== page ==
Passport To Pimlico | 1949
The London district of Pimlico, slightly shabbier than its grand neighbour Westminster, grabs the opportunity to secede from Britain in this classic example the comedies produced by the famous Ealing Studios after World War II – but Pimlico is not where it was filmed.
When bomb damage uncovers documents revealing that Pimlico belongs to the French Duchy of Burgundy, the neighbourhood declares independence from the tyranny of rationing and licensing laws introduced during the austerity following the war years.
The film was made, not in Pimlico itself, but about a mile away, on the other side of the River Thames, where a huge set was built on a cleared bomb site on the Lambeth Road, SE1.
Although the bomb-flattened area has been totally redeveloped, if you stand on the Lambeth Road between Hercules Road and Kennington Road and look north toward Lambeth Bridge, you can clearly recognise the railway arches that dominated the set.
The old Ealing Studios, Ealing Green, are still standing, and have recently seen a resurgence of activity. You can't miss the familiar laurel wreath logo on the old studio building, best known for the series of classic comedies of the 40s and 50s.
The common theme of these gentle, though often quite dark, films touched a chord in strictly-regulated postwar Britain: resourceful common people subverting pompous bureaucracy.
As well as studio filming for Passport to Pimlico, it was at Ealing that villagers kept their local steam train on the rails despite the underhand efforts of a modern, efficient (and therefore untrustworthy) bus company (The Titfield Thunderbolt); a young Alec Guinness took on big business as the inventor of an indestructible new cloth (The Man In The White Suit) and Mrs Wilberforce thwarted the plans of the gang of robbers in The Ladykillers.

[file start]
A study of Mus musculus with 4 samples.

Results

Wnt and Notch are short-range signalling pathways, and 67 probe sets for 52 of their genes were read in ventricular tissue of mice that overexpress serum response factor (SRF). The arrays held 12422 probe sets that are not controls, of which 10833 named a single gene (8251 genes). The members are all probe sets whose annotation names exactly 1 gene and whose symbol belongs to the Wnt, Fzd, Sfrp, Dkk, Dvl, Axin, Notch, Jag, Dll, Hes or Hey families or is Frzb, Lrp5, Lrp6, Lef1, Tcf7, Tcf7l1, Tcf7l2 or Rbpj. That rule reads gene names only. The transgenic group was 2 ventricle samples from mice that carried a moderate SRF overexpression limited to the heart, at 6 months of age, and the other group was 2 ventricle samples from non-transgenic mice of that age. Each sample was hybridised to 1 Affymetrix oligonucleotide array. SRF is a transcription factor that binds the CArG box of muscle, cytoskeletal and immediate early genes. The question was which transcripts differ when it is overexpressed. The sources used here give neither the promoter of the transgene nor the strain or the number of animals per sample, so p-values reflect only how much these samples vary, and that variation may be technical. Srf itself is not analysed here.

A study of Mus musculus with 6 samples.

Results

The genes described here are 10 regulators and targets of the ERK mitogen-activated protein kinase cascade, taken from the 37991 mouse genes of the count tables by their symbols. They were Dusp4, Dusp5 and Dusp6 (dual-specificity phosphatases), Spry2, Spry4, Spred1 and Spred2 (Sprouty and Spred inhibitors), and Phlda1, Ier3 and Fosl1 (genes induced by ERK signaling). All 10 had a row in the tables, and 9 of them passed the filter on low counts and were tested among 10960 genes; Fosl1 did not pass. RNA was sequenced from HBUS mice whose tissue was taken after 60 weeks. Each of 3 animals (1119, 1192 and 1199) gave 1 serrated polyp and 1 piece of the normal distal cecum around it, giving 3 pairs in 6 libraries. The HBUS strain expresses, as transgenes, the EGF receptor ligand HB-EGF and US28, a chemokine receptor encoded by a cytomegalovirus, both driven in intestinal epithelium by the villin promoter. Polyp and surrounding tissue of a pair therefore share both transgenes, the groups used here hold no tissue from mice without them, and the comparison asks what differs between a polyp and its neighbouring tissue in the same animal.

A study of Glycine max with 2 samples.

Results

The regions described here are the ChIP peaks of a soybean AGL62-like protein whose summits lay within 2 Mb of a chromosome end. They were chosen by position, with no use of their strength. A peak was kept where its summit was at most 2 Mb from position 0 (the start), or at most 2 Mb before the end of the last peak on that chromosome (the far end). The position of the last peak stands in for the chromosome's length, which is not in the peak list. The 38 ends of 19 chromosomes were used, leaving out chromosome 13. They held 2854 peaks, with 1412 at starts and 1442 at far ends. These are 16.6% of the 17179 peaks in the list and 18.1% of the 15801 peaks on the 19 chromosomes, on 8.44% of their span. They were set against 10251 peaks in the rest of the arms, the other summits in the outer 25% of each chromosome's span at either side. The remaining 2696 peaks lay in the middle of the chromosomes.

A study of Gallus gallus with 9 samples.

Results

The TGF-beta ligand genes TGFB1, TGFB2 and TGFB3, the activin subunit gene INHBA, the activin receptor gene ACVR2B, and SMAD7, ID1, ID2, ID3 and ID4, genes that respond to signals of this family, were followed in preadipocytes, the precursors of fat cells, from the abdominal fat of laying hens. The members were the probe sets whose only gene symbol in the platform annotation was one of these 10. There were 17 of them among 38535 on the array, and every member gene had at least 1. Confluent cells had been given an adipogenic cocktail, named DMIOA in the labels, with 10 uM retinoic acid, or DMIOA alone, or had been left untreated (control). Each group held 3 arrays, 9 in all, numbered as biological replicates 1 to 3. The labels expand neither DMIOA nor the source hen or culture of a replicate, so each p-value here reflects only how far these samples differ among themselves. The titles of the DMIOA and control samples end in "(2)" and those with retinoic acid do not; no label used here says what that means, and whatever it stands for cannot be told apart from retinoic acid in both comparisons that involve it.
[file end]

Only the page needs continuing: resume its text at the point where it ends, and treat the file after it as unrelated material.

Ealing, a leafy suburb of west London, was a base for filming since the early years of the 20th century, though the studio itself dates from 1931.
In the Thirties, northern entertainers Gracie Fields and George Formby scored huge hits with their populist comedies, but it was under the guidance of Michael Balcon that the studio really hit its stride, producing not just the comedies but classic stiff-upper-lippers such as Scott of the Antarctic (with John Mills as ill-fated polar explorer Captain Scott) and Atlantic convoy drama The Cruel Sea.
After the studio’s fortunes waned in the late Fifties, it was taken over by the BBC to be used as television studios. Coming close to being demolished, the studio has been granted a new lease of life (scenes for Notting Hill and reshoots for Star Wars Episode II were filmed at Ealing).
Oliver Parker's 2002 The Importance of Being Earnest was the first production based in the studio since the Fifties. You can see the brand new entrance to the complex to the right of the old building.
Almost directly opposite the studio is the Red Lion, 13 St Mary’s Road, the pub where cast and crew would unwind after filming. The bar is adorned with Ealing Studios posters and photographs of the famous faces who worked there.